There is now no doubt about it. Brazil has thirteen big clubs.
The traditional idea is that Brazil have a big twelve, distributed around the major centres -- four teams each from Rio and Sao Paulo, two each from Belo Horizonte and Porto Alegre. From the smaller southern city of Curitiba, Athletico Paranaense have crashed the party with their second international title in three years.
They won the Sudamericana in 2018, but the 2021 triumph may well be a sweeter memory. In 2018 they were outplayed by Junior of Colombia, but hung on to win on a penalty shoot-out. This victory came in the 90 minutes, the consequnce of an outstanding goal, and on the balance of play was deserved -- which may not have been such good news for the neutrals.
Athletico and Bragantino is a story of similarities and differences, of well run clubs from the provinces -- Bragantino are from upstate Sao Paulo -- with different models of play. Athletico, with their 3-4-3, like to defend deep and launch the counter attack.
Coach Alberto Valentim only arrived to Athletico in October, after the semifinals, but he has given continuity to a well established style. Bragantino, meanwhile, seek something more pro-active, with a high defensive line and a game based on possession in the opposing half.
Their young coach Mauricio Barbieri tweaked his usual side. Argentine left winger was moved infield, opening up space for the introduction of the left footed winger Helinho, with midfielder Bruno Praxedes moved up closer to centre forward Ytalo.
The idea was clear; open up the field, attack the space behind Athletico's wing backs, turn their back three into a back five and dominate the space in front of the penalty area. It never worked. Praxedes lacked the pace to make an impression higher up the pitch, and the switch from 4-3-3 to 4-4-2 deprived the team of the natural triangle needed to bring star right winger Artur into the game.
Athletico focused on blunting Bragantino, biding their time and waiting to strike on the counter. The decisive moment came just before the half hour, and involved the wingers who are so important to the team. Bragantino failed to cut out a raking cross field ball directed towards the left, where Uruguayan David Terans collected and blasted a shot from a narrow angle. Keeper Cleiton pushed out, and right winger Nikao, one of the stalwarts of the side, scored with a splendidly acrobatic scissors kick acrobatic volley back across and inside the post.
Bragantino returned after the interval with Praxedes deeper, and with the team sitting back into its customary 4-3-3, Artur started to appear. But the team were suffering a frustrating afternoon in the late spring sunshine. They struggled to find any rhythm, hindered, perhaps, by their own lack of big game experience and by the stop-start nature of the second half, frequently interrupted by injuries and substitutions. Athletico keeper Santos had a remarkably comfortable match.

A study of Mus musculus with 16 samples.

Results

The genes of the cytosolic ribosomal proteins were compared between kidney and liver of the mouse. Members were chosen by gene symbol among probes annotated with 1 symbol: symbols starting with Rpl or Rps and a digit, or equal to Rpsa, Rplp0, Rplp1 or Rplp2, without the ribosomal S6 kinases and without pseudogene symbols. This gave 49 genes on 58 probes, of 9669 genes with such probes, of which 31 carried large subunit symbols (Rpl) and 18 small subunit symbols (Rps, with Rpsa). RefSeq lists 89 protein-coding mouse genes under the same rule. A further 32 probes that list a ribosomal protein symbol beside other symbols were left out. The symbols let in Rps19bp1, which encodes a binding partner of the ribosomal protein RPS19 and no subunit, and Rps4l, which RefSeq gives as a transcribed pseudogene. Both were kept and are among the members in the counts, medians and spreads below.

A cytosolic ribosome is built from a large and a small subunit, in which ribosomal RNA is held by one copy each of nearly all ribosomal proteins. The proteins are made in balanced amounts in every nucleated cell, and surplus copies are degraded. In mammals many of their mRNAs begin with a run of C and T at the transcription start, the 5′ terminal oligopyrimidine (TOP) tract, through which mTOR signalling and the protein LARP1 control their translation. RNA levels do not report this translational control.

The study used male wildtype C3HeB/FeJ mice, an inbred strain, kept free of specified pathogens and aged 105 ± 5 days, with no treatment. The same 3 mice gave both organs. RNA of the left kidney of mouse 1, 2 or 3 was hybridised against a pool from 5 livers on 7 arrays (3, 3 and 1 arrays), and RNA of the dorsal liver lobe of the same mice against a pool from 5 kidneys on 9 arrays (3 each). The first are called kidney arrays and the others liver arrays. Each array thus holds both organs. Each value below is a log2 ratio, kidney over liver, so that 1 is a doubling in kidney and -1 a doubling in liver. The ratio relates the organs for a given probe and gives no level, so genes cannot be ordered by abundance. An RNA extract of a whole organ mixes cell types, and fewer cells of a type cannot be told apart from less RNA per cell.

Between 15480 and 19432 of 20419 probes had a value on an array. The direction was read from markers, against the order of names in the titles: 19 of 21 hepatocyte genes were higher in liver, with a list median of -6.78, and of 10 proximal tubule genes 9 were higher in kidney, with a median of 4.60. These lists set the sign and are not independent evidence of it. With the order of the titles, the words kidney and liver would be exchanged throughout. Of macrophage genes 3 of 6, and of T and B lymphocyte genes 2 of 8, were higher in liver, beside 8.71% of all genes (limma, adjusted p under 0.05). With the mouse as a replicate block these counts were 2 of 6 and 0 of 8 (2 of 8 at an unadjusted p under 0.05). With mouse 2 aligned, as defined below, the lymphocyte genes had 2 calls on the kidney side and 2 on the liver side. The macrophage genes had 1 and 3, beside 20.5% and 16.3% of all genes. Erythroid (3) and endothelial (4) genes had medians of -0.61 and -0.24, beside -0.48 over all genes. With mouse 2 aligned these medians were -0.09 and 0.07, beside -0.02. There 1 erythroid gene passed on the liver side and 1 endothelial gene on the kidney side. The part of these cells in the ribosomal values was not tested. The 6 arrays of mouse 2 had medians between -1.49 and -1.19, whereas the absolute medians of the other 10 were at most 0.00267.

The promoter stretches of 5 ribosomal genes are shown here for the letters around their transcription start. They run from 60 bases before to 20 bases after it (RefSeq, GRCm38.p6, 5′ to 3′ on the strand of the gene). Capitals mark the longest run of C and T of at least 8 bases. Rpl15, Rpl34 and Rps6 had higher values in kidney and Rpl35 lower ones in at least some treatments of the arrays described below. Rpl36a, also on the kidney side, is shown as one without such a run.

At 0-0 he was troubled by Cuello's attempt to score straight from a corner -- and when he pushed the ball out Cuello curled another shot just wide of the far post. It was the closest that Bragantino came, and with Athletico content to defend deep, the only moments of danger came from more corners -- with centre back Leo Ortiz and substitute Leandrinho heading wide of the near post.
By the end Bragantino were even sending keeper Cleiton up for the corners -- to no avail, with Athletico counting down the clock and waiting for the celebrations to start. If the game was no great spectacle, it will certainly live long in the memory of Athletico fans, for the triumph and the wonderful goal with which it was achieved. It was a shame, then, that there were so few fans in the stadium to see it.
There are pros and cons to the idea of staging a one-off final in a neutral venue. It is undeniably more dramatic than a home and away affair, often the quality of the game is better and there are marketing advantages. But the downside was especially apparent this time. Travel across South America is still recovering from the pandemic, pushing up the price of flight to Uruguay - and hotels in Montevideo. In this context, it was extremely unwise to price the cheapest tickets at $100 USD -- a small fortune for the Brazilian public.
In consequence the famous old Centenario stadium was not even a third full, which for a showpiece occasion is desperately disappointing. Athletico took more fans than Bragantino, but neither have anything like the mass followings of Palmeiras and Flamengo, Brazilian giants who next Saturday will dispute the main event, the final of the Copa Libertadores.
Then the stadium will probably be packed -- but the outrageous price of the experience will mean that those in the Centenario will not be representative of the average supporter. This is a question that requires serious thought. If South America is to proceed with neutral venus finals, then ticket prices should surely be cheaper, and measures should be taken to negotiate less exorbitant prices for flights and hotels.
For the moment, though, Athletico Paranaense have no need to dwell on this -- and not just because they are busy celebrating. They have contrasting immediate priorities -- a two-legged final of the Brazilian Cup, while also seeking to avoid being dragged into the relegation dogfight in the last few weeks of the league season.